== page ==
Wildlife & Biodiversity

Bright spots in backyard: Now India’s neighbours do their bit to up tiger count

India, Bangladesh, Bhutan and Nepal hold 76% of world’s tigers, says new IUCN report

 
By Rajat Ghai
Published: Friday 22 July 2022
A tiger in Bardia National Park, Nepal. Photo: iStock
A tiger in Bardia National Park, Nepal. Photo: iStock A tiger in Bardia National Park, Nepal. Photo: iStock

India has always been noted for its efforts at conserving tigers. Now, it seems to be the turn of its smaller neighbours, Bangladesh, Bhutan and Nepal. They are faring well at conserving tigers, say a section of experts. This, even as a new report by the International Union for the Conservation of Nature (IUCN) said south Asia accounted for 76 per cent of the global tiger population.

In fact, the IUCN report highlighted that tiger populations were rebounding in south Asia. “Representing 76 per cent of the global tiger population, South Asia’s tigers are gaining numbers, particularly in India and Nepal, from where new population estimates are expected any day,” it said.

The experts DTE spoke to, particularly lauded Bangladesh and Nepal for their efforts.

“Bangladesh is doing well in tiger conservation. Officials there learnt camera trapping techniques from the Wildlife Institute of India and are now carrying out their work of monitoring tiger populations in the Bangladeshi portion of the Sundarbans,” Krishnendu Basak, former landscape coordinator (Sundarbans), Tiger Conservation Project, Wildlife Trust of India (WTI), said.

Samir Sinha, chief ecologist at WTI, praised the practices being used in Nepal. “Most of the practices used in conservation are being adopted by Nepal. They have a zero poaching policy in place in their national parks. Community integration is very good. Village development committees are effective and contribute to conservation,” he said.

Like Bangladesh, Nepal also collaborates with India on tiger conservation. “There is a tripartite memorandum of understanding between the National Tiger Conservation Authority, the Department of National Parks and Wildlife Conservation (DNPWC) of Nepal and tiger reserves of India. The mechanism ensures  sharing of important information for protection and management and technical knowhow with Nepal,” Sinha said.

Similarly, there is trans-boundary cooperation between India and Bhutan as well. “At the moment though, we don’t know what is happening in Bhutan since COVID-19 caused strict lockdowns to be imposed,” Firoz Ahmed, who works with the Assam-based non-profit Aaranyak, told DTE.

But both, Basak and Sinha accepted that the conditions in India’s neighbours were vastly different from India itself.

“The tiger population in India inhabits different habitats and the tiger ecology is different from its neighbours such as Bangladesh,” Basak said.

“In India, we have more than 70,000 square kilometres under tiger reserves. Nepal’s tigers are concentrated in the Chitwan and Bardia National Parks and these are managed properly,” Sinha said.

Similarly, Bangladesh’s efforts at conserving tigers are mostly concentrated on the Sundarbans. Basak also accepted that the tiger population in the Sundarbans in both countries was stable and was not going down.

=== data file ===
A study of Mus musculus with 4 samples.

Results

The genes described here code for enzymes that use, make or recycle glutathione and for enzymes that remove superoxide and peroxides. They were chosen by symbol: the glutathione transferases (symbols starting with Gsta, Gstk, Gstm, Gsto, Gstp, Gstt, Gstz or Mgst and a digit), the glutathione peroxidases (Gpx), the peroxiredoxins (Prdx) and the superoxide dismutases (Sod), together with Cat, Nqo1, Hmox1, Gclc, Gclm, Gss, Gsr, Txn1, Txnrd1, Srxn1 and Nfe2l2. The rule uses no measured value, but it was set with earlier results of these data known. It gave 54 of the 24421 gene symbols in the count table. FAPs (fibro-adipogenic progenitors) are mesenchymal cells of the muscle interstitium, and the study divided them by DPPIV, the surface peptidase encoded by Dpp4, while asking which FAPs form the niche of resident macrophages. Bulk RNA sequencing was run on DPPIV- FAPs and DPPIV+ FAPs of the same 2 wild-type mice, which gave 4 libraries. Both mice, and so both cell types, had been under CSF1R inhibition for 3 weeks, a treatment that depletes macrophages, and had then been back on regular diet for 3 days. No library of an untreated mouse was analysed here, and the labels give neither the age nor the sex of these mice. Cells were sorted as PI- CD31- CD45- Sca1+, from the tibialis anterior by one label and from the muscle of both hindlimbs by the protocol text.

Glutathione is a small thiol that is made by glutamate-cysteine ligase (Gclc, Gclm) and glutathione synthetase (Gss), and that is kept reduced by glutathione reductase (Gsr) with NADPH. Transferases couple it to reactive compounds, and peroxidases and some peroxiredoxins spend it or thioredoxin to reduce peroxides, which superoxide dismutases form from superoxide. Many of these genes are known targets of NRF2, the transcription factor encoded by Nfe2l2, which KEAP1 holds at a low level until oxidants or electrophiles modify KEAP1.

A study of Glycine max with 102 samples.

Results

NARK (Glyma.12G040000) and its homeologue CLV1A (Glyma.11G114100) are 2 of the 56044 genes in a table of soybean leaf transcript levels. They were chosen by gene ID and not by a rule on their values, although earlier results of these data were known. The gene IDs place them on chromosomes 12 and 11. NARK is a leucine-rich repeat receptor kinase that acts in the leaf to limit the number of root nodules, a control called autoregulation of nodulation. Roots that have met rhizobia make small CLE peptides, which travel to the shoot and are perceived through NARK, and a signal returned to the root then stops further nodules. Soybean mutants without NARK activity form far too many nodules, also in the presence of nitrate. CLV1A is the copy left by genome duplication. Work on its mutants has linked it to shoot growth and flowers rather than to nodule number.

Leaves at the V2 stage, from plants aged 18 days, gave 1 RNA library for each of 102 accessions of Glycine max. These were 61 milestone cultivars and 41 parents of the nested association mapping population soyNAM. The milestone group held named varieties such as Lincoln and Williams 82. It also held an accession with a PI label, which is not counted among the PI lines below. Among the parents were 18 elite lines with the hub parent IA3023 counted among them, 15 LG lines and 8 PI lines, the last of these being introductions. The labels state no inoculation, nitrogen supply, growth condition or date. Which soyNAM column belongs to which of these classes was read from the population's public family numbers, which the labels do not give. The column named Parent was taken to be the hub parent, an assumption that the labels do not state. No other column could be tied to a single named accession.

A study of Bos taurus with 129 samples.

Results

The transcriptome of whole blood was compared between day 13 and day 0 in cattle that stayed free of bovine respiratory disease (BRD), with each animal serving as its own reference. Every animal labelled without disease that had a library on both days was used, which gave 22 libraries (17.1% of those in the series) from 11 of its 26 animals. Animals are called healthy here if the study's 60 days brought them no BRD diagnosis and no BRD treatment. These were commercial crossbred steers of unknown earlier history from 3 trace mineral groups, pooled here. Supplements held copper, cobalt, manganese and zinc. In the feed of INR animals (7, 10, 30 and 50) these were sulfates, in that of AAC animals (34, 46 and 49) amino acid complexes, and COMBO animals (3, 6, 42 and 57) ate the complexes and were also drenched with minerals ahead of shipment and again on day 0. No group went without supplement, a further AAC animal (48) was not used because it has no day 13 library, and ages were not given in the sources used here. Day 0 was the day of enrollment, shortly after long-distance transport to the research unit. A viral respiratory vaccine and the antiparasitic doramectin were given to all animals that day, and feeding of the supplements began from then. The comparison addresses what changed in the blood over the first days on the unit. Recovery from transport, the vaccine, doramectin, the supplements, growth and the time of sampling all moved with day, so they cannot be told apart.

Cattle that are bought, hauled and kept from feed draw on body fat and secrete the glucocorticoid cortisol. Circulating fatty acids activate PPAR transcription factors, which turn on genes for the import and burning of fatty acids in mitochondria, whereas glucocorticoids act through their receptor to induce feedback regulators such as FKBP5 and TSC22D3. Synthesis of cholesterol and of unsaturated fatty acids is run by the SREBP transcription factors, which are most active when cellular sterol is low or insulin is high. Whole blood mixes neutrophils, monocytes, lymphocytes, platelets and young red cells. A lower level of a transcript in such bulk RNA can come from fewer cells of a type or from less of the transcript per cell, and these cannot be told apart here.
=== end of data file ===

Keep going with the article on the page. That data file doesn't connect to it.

“The greater chunk of the Sundarbans mangroves are free of humans. Ecological parameters regulate the tiger population there,” Basak said.

“According to the Annual Report of DNPWC (2019), its (tiger) population is 235,” the DNPWC website, says.

“In total, 103 tigers (between 89 to 124 individuals for the 95 per cent credible interval) were estimated to occur at a density of 0.46 per 100 square kilometres,” a study Counting the Tigers in Bhutan: Report on the National Tiger Survey of Bhutan 2014 – 2015, says.

There are individual tigers that use both sides of the border in case of Nepal and Bhutan and India.

“Out of the total 21 individuals, 11 and 14 were obtained in the Royal Manas National Park (Bhutan) and Manas National Park (India) respectively. A total of four individuals were found to be common to both landscapes,” the study Tigers of Transboundary Manas Conservation Area by Aaranyak, says.

“A total of 10 individual tigers were found to be ‘common’ between forests of India and Nepal between 2012 and 2014,” Tigers of the Transboundary Terai Arc Landscape: Status, distribution and movement in the Terai of India and Nepal, says.

Rest of Asia

The IUCN’s latest assessment estimates between 3,726-5,578 wild tigers remain in Asia, with an average of 4,500 individuals. Some 3,140 of the 4,500 are estimated to be adult tigers.

“In Northeast Asia, numbers are relatively stable in Russia and likely increasing along the border with China. Of all regions, however, Southeast Asia’s tigers are faring the worst, with tigers having been lost from Cambodia, Lao PDR, and Vietnam since the turn of the century,” a statement by Panthera, the big cat organisation that assisted in the report, said.

“Hunting is a past time of most of the cultures of southeast Asia. They put up snares everywhere in the forests. So you have very good forests but they are heavily poached,” YV Jhala from the Wildlife Institute of India told DTE.

“There is no prey base and tigers are prized in the Chinese market. Most of the area is under Chinese influence directly or indirectly,” he added.

All eyes will now be on the second Global Tiger Summit this year. “In 2010, at the first Global Tiger Summit, the world committed to a highly aspirational goal of doubling global tiger numbers or at least reaching 6,000 individuals by 2022,” the statement said.

“Having fallen short of this goal, tiger range states and scientists will gather for the second Global Tiger Summit this year to set a new 12-year tiger recovery plan,” it added.